JACKSON, George (1761-1805), of Enniscoe, co. Mayo.
b. 1761, 1st s. of George Jackson of Enniscoe by Jane, da. of James Cuffe, MP [I], of Ballinrobe. educ. Trinity, Dublin 7 July 1777, aged 16. m. Sept. 1783, Maria, da. and h. of William Rutledge of Foxford, co. Mayo, 6s. 7da. suc. fa. 1789.
MP [I] 1789-96, 1797-1800.
Col. N. Mayo militia 1793-d.
Col. Jackson supported government as a Member of the Irish house of commons sitting for Coleraine on his own interest, until bought out by Lord Waterford. In 1797 he was returned for his county at the instigation of his kinsman Lord Tyrawley and under the aegis of the Sligo interest. He supported the Union, for which he was promised a surveyorship on Dublin Quay worth £350 p.a. for his brother-in-law John Ormsby. At Westminster, apart apparently from a minority vote on the Ferrol expedition, 19 Feb. 1801, he supported government, speaking in favour of the Irish martial law bill, 16 Mar. 1801. The chief secretary described him and his colleague in October, when they left Ireland for the parliamentary session, as ‘old and steady friends of government’.1
By then Jackson was preparing for a contest, in which he expected government support. At the same time he applied for a baronetcy for his brother-in-law O’Hara Hamilton of Antrim. Other ‘curious’ and ‘clumsy’ patronage requests followed and on 6 July 1802, soon after the dissolution, he asked for a baronetcy for himself, which application was endorsed ‘can only be taken into consideration’. By 16 July he had come to terms with his opponent Dillon Lee and the lord lieutenant was informed by his colleague, Lord Sligo’s brother, that Jackson had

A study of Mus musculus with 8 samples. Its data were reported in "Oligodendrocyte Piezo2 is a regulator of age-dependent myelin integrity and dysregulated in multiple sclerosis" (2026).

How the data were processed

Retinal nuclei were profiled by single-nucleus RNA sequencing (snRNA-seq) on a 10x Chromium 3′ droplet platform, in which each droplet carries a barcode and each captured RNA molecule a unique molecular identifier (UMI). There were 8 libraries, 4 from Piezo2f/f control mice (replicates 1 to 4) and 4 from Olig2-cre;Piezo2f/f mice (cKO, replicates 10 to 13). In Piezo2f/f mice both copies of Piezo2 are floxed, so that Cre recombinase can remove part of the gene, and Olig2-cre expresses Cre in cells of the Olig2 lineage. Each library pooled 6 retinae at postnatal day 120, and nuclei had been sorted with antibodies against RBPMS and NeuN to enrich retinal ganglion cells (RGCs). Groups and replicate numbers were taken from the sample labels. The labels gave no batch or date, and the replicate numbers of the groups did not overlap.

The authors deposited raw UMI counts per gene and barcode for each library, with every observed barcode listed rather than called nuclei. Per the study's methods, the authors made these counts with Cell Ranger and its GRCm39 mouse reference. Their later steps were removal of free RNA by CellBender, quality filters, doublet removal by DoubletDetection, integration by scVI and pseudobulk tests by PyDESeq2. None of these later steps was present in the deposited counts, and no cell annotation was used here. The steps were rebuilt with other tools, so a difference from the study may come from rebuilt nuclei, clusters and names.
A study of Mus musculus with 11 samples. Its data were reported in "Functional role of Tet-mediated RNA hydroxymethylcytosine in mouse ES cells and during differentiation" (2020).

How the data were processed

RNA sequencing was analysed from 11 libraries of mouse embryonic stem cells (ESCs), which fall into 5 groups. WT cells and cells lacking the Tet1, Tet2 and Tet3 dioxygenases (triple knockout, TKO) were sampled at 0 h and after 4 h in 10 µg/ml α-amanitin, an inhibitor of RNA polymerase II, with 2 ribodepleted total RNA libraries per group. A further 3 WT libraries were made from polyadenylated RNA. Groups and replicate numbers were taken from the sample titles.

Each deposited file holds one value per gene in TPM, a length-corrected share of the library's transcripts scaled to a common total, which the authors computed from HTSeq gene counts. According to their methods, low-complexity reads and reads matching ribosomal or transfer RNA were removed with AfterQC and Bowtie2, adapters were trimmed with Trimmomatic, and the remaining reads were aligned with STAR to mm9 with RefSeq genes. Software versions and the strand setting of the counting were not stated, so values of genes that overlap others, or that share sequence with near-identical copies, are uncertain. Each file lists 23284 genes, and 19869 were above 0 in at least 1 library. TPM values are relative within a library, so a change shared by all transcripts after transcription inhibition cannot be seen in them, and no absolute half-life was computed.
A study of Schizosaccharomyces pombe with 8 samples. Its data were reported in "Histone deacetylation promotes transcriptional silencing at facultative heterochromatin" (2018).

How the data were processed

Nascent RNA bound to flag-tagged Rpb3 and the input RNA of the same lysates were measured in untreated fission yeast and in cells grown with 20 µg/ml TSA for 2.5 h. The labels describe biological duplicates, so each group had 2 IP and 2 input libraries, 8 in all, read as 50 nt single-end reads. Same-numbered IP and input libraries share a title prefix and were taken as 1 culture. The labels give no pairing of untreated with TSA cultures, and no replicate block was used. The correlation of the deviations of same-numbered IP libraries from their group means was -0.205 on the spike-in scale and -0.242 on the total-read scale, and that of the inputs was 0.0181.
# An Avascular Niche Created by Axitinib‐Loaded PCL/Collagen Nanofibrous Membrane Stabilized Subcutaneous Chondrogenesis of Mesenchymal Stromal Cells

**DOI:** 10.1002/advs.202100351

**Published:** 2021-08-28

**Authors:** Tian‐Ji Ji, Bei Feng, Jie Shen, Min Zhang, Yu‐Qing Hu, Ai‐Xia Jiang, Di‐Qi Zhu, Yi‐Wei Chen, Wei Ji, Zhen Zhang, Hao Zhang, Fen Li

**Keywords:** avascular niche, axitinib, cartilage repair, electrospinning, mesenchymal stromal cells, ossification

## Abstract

... so represented to Lord Sligo the state of his family and fortune, the pressing importunities made to him to apply to your Excellency for a multiplicity of honours and emoluments which he could not venture to mention to you, obliging him either to relinquish his property to plunder, or stand a contest with a constituent body of nearly 12,000 voters, that he could not, however reluctantly, oppose his accommodation with Mr Dillon, by which, as I am told, Col. Jackson comes in for an English borough.2
This part of the agreement was not carried out and Jackson was never again in Parliament. He died in 1805.